Experts who monitor extremism say some Latinos and Hispanics find bigoted groups attractive as white nationalism becomes more mainstream.

DENVER — From Colorado Proud Boys to online white supremacy personalities, some Hispanics and Latinos are using their ethnicity to try to cloak bigoted behavior, experts warn.

“There is an intentional recruitment of people of color by white nationalist leadership into its alt-right coalition in order to defend itself from the very real charges of racism,” said Eric Ward of the nonprofit Western States Center.

Ward has been involved in civil rights over the past 30 years and is considered a national expert on extremist groups and their effort to divide societies. He's also a senior fellow with the Southern Poverty Law Center, which tracks extremism. 

In an interview with 9NEWS, Ward said extremist groups exploit the fear of changing demographics in communities and economic pressure, which can attract conservative Latinos and Hispanics.

“Many Latinos in the United States identify as white, not with their indigenous or Afro roots. And many of them, because of their conservative politics, believe that the white nationalist movement aligns with their values,” Ward said.

>Watch the interview below.

Recently, the Afro-Cuban leader of the far-right group Proud Boys was arrested and indicted for his role in the Jan. 6 insurrection at the nation’s Capitol. Enrique Tarrio also served time in jail for burning a Black Lives Matter banner.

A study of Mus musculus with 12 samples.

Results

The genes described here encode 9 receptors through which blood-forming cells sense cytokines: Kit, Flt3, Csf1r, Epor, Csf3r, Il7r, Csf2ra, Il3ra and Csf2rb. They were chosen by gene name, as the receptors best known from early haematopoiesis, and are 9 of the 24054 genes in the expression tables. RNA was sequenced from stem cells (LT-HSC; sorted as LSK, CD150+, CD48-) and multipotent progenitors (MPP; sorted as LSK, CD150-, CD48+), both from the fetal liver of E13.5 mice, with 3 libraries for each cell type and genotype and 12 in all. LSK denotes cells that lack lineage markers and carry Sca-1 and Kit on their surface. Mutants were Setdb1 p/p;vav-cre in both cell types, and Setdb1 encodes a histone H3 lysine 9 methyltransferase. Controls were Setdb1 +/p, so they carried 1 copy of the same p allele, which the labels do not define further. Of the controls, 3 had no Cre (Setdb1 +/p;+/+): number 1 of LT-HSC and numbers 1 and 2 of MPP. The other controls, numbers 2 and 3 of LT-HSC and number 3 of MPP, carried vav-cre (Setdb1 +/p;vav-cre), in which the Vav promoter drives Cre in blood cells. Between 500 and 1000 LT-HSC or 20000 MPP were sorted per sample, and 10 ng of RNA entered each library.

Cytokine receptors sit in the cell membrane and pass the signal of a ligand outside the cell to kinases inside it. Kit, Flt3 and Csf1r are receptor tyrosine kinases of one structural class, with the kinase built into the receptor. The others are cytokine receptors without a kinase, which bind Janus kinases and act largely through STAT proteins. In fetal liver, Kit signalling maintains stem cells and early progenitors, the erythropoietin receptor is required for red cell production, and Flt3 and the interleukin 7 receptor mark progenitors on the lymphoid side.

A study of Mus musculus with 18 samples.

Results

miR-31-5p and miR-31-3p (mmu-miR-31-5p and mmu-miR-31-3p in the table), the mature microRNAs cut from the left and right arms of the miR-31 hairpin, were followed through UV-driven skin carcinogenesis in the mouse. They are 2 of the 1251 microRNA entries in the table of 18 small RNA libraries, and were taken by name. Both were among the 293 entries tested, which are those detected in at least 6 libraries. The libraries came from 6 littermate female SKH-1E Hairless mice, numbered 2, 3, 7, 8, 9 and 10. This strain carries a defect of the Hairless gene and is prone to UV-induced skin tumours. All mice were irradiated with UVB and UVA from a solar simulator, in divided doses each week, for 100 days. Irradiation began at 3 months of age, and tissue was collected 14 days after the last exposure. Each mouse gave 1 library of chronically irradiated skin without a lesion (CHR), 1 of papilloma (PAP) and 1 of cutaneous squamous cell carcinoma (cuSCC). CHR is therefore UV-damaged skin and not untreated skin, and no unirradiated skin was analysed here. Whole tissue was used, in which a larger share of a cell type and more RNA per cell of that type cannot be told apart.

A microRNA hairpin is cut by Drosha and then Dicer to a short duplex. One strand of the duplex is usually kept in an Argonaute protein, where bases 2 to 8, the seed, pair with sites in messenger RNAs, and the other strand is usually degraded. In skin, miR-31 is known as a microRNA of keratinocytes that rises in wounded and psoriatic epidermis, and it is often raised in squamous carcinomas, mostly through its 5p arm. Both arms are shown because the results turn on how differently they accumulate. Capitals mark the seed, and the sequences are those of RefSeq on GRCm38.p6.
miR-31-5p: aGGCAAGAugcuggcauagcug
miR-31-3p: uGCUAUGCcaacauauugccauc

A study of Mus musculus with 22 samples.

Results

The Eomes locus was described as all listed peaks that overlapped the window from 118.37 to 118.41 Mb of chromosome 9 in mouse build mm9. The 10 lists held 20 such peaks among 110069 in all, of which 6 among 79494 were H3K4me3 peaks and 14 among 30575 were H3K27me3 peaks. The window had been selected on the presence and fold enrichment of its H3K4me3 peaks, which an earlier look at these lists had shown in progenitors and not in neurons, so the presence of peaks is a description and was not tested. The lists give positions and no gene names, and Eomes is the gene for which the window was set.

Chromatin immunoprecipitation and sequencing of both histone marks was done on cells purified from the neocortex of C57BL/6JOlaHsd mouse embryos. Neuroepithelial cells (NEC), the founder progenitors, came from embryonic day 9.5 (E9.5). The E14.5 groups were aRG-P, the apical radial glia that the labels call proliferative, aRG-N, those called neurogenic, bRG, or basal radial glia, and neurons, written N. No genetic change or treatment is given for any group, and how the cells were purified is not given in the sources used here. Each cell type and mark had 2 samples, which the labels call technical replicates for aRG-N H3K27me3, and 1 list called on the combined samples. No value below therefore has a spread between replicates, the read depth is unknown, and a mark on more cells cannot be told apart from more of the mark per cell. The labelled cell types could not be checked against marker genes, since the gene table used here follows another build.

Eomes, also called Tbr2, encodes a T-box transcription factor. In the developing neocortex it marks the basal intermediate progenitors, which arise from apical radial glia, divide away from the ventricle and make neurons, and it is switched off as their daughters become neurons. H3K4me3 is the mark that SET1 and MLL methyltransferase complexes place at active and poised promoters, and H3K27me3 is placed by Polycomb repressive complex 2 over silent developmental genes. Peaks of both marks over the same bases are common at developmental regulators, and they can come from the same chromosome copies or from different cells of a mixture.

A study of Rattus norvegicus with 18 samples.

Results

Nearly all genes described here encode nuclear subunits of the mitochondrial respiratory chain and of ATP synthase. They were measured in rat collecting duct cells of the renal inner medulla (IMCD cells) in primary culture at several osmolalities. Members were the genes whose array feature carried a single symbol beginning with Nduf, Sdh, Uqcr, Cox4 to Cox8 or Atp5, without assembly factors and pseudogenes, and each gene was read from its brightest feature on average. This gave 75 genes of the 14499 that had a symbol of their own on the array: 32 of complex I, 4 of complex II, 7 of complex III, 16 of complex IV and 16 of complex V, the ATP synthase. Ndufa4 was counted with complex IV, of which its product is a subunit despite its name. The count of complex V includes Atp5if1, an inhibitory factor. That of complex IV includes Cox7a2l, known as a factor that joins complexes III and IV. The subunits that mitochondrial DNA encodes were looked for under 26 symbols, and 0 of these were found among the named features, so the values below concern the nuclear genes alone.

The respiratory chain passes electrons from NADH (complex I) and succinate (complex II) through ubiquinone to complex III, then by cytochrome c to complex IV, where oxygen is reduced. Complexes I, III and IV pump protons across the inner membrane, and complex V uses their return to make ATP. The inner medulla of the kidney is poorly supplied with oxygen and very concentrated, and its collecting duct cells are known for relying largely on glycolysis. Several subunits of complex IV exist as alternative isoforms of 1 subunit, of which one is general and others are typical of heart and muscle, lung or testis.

Local Proud Boys, who were actively protesting against LGBTQ events in Denver, have also used their Hispanic and Latino ethnicities to try to claim they’re not discriminatory.

“I’m a carpenter and am Latino,” former Colorado Proud Boy Louie Huey said on Twitter in 2020. “I hang out with illegals all day and speak Spanish, yet somehow I’m a racist.”

Credit: Twitter

Axios cites national online personality Nick Fuentes as an example of a white supremacist with a Hispanic heritage and listed cases in which Latinos have been accused of hate crimes.

Ward indicated Latino and Hispanic communities must work hard to send the message that violent rhetoric from these groups has inspired violence against people of color, such as the mass shooting at an El Paso Walmart in 2019.

“The anti-immigrant movement and the white nationalist movement in this country have a very thin barrier between the two,” Ward said. “The Latino community cannot believe the hype. The White Nationalist Movement seeks to remove them from the United States of America in their ethnic cleansing plans.”

If you have information related to this story or would like to send a news tip, you can email jeremy@9news.com.